More hospitals are vying for superior patient satisfaction ratings by hiring a "chief patient experience officer"—an individual focused on boosting satisfaction in everything from medical care to sleeker waiting rooms.
Beginning in October, hospitals will receive Medicare reimbursement based on ratings associated with patient-related issues like communication, quality of rooms, and pain management. Creating a position focused on those goals could put a hospital ahead of the competition, Crain's New York Business reports.
How New York hospitals are trying to close gap
According to Crain's, New York hospitals are especially focused on the effort following low 2011 satisfaction scores—patients are only 64% likely to recommend a hospital in the state in comparison with the nationwide average of 70%.
Projecting the impact under new Medicare guidelines, Health Care Association of New York estimates hospitals could collectively lose more than $6 million in reimbursement. Although only a fraction of the $6 billion the state receives in Medicare pay, that $6 million could come from just a handful of hospitals instead of a statewide cut.
NYU Langone Medical Center's chief of hospital operations Bernard Birnbaum said improving the patient experience is the goal, but “there's also no question that dollars are involved now, so we have to improve our programs so we can try to reclaim those dollars."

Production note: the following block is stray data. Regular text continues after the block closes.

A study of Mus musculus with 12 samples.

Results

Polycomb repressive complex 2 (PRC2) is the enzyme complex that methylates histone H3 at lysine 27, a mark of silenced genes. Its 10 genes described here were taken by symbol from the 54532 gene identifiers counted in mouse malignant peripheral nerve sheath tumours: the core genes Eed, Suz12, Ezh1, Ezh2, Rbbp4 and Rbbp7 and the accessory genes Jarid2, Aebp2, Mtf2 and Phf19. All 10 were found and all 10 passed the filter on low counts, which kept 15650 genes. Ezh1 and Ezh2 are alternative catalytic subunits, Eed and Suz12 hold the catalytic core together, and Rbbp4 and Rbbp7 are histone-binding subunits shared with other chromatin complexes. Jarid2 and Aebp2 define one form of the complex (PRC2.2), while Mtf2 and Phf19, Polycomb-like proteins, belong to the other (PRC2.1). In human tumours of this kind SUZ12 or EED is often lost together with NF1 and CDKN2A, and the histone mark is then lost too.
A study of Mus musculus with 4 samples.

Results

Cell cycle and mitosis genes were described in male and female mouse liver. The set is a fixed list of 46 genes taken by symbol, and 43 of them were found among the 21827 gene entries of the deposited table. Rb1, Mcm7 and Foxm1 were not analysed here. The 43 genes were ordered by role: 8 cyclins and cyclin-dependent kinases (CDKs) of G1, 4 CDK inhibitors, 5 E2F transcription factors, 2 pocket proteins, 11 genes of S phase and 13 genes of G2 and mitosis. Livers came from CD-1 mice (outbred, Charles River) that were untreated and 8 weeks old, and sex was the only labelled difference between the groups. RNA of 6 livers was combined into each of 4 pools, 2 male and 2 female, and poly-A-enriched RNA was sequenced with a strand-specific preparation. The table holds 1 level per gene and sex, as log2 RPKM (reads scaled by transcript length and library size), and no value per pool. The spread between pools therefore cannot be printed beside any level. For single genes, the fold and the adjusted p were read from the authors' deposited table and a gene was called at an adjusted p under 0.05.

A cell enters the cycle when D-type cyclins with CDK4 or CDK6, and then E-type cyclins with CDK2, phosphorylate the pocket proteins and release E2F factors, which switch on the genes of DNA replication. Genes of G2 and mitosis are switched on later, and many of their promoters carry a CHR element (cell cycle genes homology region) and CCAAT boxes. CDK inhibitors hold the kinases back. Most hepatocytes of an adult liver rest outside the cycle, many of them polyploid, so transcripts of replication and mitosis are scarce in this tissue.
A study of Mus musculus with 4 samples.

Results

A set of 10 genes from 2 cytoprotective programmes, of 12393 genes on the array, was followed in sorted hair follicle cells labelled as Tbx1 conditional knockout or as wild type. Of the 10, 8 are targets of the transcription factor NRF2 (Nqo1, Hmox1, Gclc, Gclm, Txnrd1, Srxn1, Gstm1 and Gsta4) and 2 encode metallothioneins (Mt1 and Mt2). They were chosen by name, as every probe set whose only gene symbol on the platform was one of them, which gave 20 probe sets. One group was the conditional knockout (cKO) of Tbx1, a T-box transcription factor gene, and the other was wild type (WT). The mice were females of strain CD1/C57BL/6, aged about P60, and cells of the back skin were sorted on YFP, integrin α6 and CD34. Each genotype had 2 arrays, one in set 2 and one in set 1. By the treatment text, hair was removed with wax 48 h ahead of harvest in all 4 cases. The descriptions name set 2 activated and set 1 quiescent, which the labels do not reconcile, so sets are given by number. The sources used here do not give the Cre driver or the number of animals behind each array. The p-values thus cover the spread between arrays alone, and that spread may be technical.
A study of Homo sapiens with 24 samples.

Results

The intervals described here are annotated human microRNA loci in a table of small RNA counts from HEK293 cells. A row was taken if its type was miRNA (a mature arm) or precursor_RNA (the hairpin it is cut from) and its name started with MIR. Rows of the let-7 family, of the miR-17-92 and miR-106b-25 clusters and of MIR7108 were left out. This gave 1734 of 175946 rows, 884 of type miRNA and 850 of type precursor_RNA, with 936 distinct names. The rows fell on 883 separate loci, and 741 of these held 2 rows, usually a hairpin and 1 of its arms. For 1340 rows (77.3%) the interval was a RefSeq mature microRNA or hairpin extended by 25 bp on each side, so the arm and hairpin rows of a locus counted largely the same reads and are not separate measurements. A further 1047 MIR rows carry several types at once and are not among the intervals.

The hospital has made a $1 billion investment in a patient pavilion with only single rooms, which tend to improve infection control and satisfaction scores. Meanwhile, the hospital's patient experience officer, Nina Setia, teaches staff to not ask whether patients have questions, but what those questions are.
North Shore-LIJ is focused on improving communication with proactive “rounding”—having staff visit patients hourly to see if they need anything.
"If you're checking on your patients every hour, you can find things clinically wrong that you may not have found if you didn't round as often," said Alan Cooper, from the hospital’s Center for Learning and Innovation (Johnson, Crain's New York Business, 6/10 [subscription required]).